Repeat after Me; Wind Builds Character, Wind Builds Character… F***, WIND BUILDS CHARACTER.

April 2018

The wind was dead into our left, from the south. We started out single-file but quickly doubled up so our echelon wouldn’t stretch across both lanes of the road.

We held 18-19 mph easily enough, fair for the temp being barely above freezing and the crosswind. After six miles or so we headed south into the wind. 15 was hard but we managed 16-17. It was fairly comical, actually.

Eight miles later we were done with headwind, a whole lot more whipped.

The next eight miles with a tailwind were a blast, between 23 & 28 mph with a sprint for the Durand City Limits sign that would have gotten us pulled over for speeding had the police witnessed it. Sadly for me, Doc Mike rode my wheel and whipped around me at the last second to take it by a half a wheel. I just didn’t have enough to hold him off.

The final ten miles weren’t quite as fun as the previous eight. The wind had shifted a bit from south to ssw, so we had just a hair of a tailwind with a whole lot of cross… The wind created a rare situation where being at the front was a little easier than being second or third bike in a double echelon. For the back positions 19 mph was tough to hold. From the front, 20 mph was reasonable.

We ended up with a little more than 32-1/2 miles in 1:50 and some change, just shy of 18 mph. Not bad for a blustery, cold Saturday morning in March.

There were a couple of times I thought about sitting up but I didn’t. I held on and hammered it out. Wind sucks, there’s no doubt. It does build character, though. And legs. It builds them too. Ride hard, my friends.


  1. unironedman says:

    Wind. Yeah. I nearly f**ked my bike in a hedge once on a windy day. On the plus side, nobody could hear me scream…

  2. While Eddie Mercx (sic) was known to ride with the wind out and against it on the way back just to toughen himself, I am a devoted “wind cheater” who excels at creating courses where the wind factor is moderated by using valleys, bike trails and other shielded obstacles to save myself the solo effort of 10 straight miles of suffering. I admit it. Rather proud of it too. LOL

  3. theandyclark says:

    Someone needs to explain to me the days when the wind follows me around the compass point. I turn north, it blows south. I turn east, it blows west…

    • bgddyjim says:

      I hate days like that! It’s not fair!

    • unironedman says:

      Ride in Ireland. Prevailing wind here is, in theory, from the south-west. In reality, it’s dominated by Atlantic-fueled depressions that spin as they pass over the country, so you can genuinely head out on a long ride with the wind in your face, only to turn for home hours later and find that it’s still there… in your face. It’s either that, or we’ve been cursed by some demon leprechaun who’s foot was run over by a foolhardy cyclist many years ago. But I suspect it’s more just Irish weather. It’s like our politics: wet and windy, and always mildly irritating.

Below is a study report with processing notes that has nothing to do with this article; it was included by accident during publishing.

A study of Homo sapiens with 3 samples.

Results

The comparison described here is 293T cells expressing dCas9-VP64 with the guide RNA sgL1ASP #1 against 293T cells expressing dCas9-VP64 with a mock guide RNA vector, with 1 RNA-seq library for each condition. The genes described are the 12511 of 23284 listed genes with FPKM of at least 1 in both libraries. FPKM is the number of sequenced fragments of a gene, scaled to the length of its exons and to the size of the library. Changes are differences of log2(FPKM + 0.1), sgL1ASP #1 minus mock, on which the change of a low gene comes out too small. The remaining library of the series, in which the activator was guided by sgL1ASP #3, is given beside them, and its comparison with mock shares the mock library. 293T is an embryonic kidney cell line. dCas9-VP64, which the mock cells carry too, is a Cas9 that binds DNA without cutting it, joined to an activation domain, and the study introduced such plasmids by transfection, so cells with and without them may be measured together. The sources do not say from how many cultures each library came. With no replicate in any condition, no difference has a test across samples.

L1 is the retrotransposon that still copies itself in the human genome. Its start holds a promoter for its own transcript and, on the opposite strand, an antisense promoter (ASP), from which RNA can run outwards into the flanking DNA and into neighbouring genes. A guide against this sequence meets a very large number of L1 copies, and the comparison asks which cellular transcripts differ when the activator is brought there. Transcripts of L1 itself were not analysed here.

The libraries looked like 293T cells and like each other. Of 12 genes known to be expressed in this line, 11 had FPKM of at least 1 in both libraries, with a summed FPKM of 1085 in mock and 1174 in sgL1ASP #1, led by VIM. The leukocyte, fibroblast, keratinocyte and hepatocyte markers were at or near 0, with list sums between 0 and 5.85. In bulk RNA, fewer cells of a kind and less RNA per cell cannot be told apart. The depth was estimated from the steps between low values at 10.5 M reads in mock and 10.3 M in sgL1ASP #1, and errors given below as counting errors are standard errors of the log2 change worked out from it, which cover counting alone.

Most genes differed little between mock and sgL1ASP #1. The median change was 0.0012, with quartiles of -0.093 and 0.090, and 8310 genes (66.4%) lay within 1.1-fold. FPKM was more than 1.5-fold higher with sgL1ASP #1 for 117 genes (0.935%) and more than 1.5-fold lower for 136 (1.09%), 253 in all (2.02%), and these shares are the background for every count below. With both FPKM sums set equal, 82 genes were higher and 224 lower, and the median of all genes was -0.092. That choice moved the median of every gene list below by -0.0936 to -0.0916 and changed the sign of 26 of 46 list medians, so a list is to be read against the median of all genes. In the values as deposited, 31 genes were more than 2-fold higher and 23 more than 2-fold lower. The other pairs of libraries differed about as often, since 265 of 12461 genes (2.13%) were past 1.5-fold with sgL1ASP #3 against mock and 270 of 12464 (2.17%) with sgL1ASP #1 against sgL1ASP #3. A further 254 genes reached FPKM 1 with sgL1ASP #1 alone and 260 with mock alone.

• bgddyjim says:

        I think that sums up politics perfectly, here too.

        Funny how that never works out that you’ve got a tailwind all day, isn’t it?

  4. ericritter65 says:

    Oh man it was windy down here yesterday too! I rode a solo 32-miler, with lots more head or crossing words than tail wind!

  5. theandyclark says:

    I’ve come to a conclusion on wind – it’s never your friend, though it’s probably buddies with your hardening thighs and flattening stomach.

    Let’s say you’re biking at 15 mph and there’s a 10 mph wind. If it’s behind you does it help? A little bit, but you’re out running it, and you don’t really notice it. So it’s kind of like that last push you gave your kids bike when they were ready to drop the training wheels. A nice, friendly gesture, but not really needed. Even if the wind is going faster than you are, it’s effect is diluted by your efforts.

    Now let’s turn around and go into that wind. Suddenly your own efforts and the wind are teaming up against you. This seems particular unfair – no way you don’t notice this.

    And when the wind is more of a cross wind, it messes with your balance – particularly annoying when it’s pushing you toward traffic.

    So wind builds character because your to busy fighting your handle bars to give it an appropriate hand gesture!